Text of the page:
Becoming ill from Covid19 may be determined by the dosage you get from someone else according to the NY Times.

Becoming ill from Covid19 may be determined by the dosage you get from someone else according to the NY Times.

This past week the Governor of NJ said that the transmission of Covid19 had become much slower than before, with a less than 1 to 1 transmission between people which was previously reported at 5 to 1.  What that means is that fewer people are infecting others.

Who is infected vs. who actually feels ill may be determined by the amount of the virus which we now know is transmitted in the air.   Wearing masks and keeping our distance may have been more effective than anything else so far in reducing transmission.

As Nj begins to reopen, our improved understanding of the virus will likely determine the recommendations of what people can and cannot do to stay healthy.   Also, in a recent NY Times article, they suggested that lower dosages of the virus may be handled just fine by your immune system.   Unfortunately, you can become infected by someone who has the virus but may be two to three days from actually showing any symptoms.

Check out the article below.   For more information on the latest on Covid19, check out our blog.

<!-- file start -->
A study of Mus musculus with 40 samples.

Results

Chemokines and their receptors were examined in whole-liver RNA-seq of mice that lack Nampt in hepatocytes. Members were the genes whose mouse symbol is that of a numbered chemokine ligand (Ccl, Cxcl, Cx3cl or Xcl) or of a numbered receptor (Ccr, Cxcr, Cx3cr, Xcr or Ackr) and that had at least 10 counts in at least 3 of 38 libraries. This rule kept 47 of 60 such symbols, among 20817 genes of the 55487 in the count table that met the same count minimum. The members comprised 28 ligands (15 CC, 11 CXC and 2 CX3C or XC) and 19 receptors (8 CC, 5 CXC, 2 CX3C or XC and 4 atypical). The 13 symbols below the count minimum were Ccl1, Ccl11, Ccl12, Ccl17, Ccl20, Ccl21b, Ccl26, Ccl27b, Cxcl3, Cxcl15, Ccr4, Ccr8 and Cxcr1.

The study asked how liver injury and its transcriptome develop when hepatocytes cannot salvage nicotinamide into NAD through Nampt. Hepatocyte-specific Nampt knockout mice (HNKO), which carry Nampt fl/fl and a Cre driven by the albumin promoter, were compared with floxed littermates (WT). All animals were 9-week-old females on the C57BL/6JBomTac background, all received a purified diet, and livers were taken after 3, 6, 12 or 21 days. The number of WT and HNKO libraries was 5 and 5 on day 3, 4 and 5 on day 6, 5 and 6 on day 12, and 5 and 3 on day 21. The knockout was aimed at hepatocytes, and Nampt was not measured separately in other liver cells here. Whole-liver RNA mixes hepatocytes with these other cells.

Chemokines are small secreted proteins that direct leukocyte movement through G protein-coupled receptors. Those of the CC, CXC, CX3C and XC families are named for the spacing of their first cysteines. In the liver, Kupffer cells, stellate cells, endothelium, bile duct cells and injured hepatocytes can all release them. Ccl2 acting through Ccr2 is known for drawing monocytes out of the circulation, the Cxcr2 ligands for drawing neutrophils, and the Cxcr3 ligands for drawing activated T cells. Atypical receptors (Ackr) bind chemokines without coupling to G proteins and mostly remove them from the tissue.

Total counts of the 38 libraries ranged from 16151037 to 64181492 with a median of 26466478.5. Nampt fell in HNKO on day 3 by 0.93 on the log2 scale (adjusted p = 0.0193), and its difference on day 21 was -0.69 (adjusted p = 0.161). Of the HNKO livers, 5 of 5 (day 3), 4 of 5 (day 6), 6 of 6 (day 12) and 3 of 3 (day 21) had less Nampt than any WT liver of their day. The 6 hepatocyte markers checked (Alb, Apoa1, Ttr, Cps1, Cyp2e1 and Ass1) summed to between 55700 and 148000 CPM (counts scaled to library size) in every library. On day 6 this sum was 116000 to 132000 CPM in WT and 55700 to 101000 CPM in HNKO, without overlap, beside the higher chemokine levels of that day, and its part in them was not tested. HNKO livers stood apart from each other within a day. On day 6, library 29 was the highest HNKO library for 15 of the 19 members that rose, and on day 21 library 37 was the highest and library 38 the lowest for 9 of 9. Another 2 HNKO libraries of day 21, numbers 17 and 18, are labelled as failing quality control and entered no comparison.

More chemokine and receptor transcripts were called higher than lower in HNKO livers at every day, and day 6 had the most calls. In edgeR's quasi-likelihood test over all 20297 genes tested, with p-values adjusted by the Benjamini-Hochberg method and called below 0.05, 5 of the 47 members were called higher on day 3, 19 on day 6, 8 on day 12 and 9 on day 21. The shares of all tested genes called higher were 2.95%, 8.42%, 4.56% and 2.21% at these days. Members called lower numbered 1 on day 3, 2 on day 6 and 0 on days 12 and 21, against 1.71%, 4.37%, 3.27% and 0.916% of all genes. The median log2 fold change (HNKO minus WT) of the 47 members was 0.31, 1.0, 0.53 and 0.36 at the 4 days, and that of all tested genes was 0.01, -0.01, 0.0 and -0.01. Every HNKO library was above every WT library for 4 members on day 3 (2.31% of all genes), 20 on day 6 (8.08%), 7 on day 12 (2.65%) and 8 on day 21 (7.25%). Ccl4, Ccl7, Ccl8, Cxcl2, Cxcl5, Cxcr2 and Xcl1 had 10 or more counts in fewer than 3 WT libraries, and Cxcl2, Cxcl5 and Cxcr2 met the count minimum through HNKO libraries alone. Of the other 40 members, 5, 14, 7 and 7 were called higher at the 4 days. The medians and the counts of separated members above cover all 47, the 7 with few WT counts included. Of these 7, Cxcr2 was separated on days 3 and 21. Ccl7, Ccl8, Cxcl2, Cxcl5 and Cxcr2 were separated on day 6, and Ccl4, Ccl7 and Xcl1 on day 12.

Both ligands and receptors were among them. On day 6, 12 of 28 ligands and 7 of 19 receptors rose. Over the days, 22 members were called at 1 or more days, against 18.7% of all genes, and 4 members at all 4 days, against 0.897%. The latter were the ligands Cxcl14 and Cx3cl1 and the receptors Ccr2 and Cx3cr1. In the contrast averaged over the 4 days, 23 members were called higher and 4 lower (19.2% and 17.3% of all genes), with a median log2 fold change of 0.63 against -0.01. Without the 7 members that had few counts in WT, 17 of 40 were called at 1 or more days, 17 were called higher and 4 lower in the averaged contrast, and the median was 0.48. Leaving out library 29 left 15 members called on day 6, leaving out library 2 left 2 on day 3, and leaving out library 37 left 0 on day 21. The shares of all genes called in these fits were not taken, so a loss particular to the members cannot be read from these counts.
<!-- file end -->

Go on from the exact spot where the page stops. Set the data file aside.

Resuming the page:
It’s Not Whether You Were Exposed to the Virus. It’s How Much.

The pathogen is proving a familiar adage: The dose makes the poison.

By Apoorva Mandavilli May 29, 2020

When experts recommend wearing masks, staying at least six feet away from others, washing your hands frequently, and avoiding crowded spaces, what they’re really saying is: Try to minimize the amount of virus you encounter.

A few viral particles cannot make you sick — the immune system would vanquish the intruders before they could. But how much virus is needed for an infection to take root? What is the minimum effective dose?

A precise answer is impossible because it’s difficult to capture the moment of infection. Scientists are studying ferrets, hamsters, and mice for clues but, of course, it wouldn’t be ethical for scientists to expose people to different doses of the coronavirus, as they do with milder cold viruses.